Cuomo's Attack on Marriage Thrusting Him in National Spotlight

The race for president is in full swing – that is, the 2016 Democratic primary – and it is coming with a heavy price to family values.

New York Governor Andrew Cuomo, now the darling of liberal Democrats in New York, just solidified his support within the homosexual community by pushing a bill to allow same-sex marriage in New York. The bill was passed with help from a handful of Republican votes in the closing minutes of the legislative session and quickly signed into law by Cuomo.

Just as Republican candidates must attract a base of conservative support to make it out of a competitive primary, Democrat candidates must first court and win the hearts of the liberal left before hustling back to the middle. In many cases, that means supporting abortion and homosexual rights – issues that run against the grain of a majority of Americans, especially those with strong religious views.


Maggie Gallagher, chairman of the board for the National Organization for Marriage believes Cuomo was simply “pandering” to supporters of same-sex marriage in order to get national exposure.

“Andrew Cuomo was just trying to appease a base he believes will elect him,” said Gallagher. “The reason Obama hasn’t come out for same-sex marriage is because he knows it’s a problem in the black community. Cuomo should be focusing on issues such as the economy, which in New York is a mess right now. But we’re just as upset at the Republicans, like Senator Mark Grisanti, who helped him pass a bill so many New Yorkers were opposed to.”

New York is now the sixth state to legalize gay marriage and securing its passage, especially with a Republican controlled Senate, was considered a long shot only a few short weeks ago. While the Catholic Church spoke out against the same-sex marriage bill, critics of Cuomo had reason to believe he used his contacts within the church to mute the criticism, a move that if true, will upset many Catholics nationwide.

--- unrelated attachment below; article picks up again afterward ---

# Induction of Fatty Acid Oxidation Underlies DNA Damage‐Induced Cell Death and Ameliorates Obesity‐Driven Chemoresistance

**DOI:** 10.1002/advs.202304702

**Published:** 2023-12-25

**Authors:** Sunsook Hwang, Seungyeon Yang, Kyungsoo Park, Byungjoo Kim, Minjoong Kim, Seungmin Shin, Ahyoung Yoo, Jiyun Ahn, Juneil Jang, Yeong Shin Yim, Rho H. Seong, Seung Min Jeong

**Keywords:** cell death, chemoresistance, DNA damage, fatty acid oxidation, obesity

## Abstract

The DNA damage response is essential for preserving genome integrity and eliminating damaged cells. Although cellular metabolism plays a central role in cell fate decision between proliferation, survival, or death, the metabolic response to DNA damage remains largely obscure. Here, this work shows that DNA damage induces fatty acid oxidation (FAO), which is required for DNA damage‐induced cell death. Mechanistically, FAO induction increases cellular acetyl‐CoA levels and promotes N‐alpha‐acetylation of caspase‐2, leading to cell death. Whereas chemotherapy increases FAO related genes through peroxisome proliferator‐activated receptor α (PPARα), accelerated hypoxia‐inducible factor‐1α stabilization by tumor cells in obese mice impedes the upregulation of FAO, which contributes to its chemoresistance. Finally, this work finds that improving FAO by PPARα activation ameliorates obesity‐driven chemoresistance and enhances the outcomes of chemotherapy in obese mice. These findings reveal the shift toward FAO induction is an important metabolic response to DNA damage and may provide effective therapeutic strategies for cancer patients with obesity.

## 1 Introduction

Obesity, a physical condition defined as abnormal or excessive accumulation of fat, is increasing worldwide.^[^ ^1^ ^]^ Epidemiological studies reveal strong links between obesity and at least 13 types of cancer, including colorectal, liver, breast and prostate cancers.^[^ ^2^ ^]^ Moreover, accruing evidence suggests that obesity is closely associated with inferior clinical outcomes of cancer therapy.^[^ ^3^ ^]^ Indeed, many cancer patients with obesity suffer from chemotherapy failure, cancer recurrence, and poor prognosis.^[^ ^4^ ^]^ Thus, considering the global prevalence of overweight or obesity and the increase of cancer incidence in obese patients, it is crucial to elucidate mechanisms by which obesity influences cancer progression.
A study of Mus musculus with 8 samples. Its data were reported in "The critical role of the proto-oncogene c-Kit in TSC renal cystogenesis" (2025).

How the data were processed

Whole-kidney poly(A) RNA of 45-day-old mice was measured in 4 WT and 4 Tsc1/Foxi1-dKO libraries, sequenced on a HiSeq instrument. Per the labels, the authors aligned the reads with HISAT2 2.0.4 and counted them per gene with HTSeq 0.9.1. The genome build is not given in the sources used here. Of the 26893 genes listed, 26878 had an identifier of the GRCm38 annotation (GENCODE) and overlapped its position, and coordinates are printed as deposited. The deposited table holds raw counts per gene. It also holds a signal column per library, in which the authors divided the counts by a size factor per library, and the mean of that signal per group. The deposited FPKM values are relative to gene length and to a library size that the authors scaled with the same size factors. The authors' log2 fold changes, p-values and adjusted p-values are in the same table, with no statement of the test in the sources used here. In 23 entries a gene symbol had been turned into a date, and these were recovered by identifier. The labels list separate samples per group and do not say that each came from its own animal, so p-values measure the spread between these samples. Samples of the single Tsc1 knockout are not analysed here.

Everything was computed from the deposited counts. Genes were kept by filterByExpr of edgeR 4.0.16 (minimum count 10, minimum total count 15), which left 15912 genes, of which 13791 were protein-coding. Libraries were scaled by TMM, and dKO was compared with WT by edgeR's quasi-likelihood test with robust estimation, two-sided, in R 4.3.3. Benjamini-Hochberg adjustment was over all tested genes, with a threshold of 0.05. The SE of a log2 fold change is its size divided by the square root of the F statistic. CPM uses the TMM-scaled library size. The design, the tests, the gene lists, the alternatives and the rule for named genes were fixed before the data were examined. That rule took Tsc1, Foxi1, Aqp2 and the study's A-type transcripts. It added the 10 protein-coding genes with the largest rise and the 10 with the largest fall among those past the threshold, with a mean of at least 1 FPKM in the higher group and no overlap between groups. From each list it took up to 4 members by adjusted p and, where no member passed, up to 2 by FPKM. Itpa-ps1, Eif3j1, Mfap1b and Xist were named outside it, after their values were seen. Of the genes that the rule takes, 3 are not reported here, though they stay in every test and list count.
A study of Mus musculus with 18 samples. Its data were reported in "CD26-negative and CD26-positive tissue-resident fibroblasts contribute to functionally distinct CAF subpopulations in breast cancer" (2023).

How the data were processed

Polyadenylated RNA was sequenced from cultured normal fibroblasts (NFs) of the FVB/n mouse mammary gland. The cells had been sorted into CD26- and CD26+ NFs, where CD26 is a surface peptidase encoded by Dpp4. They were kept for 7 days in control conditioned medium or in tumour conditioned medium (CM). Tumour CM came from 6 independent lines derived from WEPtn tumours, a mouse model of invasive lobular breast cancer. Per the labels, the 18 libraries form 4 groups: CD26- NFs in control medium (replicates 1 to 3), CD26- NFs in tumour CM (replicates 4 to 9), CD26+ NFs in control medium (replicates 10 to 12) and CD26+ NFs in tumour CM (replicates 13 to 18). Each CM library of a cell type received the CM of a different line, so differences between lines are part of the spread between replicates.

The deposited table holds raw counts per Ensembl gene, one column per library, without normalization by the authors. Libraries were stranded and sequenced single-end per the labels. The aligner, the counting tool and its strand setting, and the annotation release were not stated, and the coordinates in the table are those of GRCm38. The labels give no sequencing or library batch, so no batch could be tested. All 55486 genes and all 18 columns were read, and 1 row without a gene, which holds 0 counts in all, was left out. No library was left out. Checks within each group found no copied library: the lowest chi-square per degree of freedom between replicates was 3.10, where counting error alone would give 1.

Prior to reaching the governor’s office, Cuomo served as New York’s attorney general after a crushing 2002 primary led him to drop out of the race as he was certain to lose to fellow Democrat Carl McCall. He faced personal setbacks such as his controversial divorce from Kerry Kennedy. Cuomo’s current girlfriend most likely influenced his decision in some way given the fact her brother is a homosexual.

Cuomo will likely be tested on the stage if Democrats are willing to embrace same-sex marriage to voters nationwide. However, few strategists, including Democrats believe they are willing to take such a risk.

Cuomo’s supporters will certainly be touting his political skills, especially his willingness to strong-arm legislators in order to go against the biblical beliefs of the majority. Cuomo, while enjoying his newfound national exposure, is trying to dismiss talk of 2016.

“Obviously 2016 is silly,” Cuomo remarked on Talk 1300-AM this morning. “But I think what that’s saying is how profound an accomplishment marriage equality is.”

Potential Democratic candidates have not gone nearly as far as Cuomo has in advocating same-sex marriage issues.

For example, former presidential contender and now Secretary of State Hillary Clinton supports civil unions, but stopped short of endorsing gay marriage in her 2008 run, and while she is serving in her present capacity, cannot offer an official comment. Cuomo will obviously want to take advantage of what he perceives is his hard-won political capital.

How will moderate, Christian Democrats receive Cuomo? That make take some time to access, but it’s safe to say Midwestern and southern Democrat voters will be more challenging to sway than the more liberal, east and west coast Democrat Cuomo is used to dealing with.

“The majority of voters in most states are opposed to same-sex marriage and when they have the question put to them at the ballot-box, they simply say NO and move on to the next issue,” said Gallagher. “I don’t think Cuomo understands that.”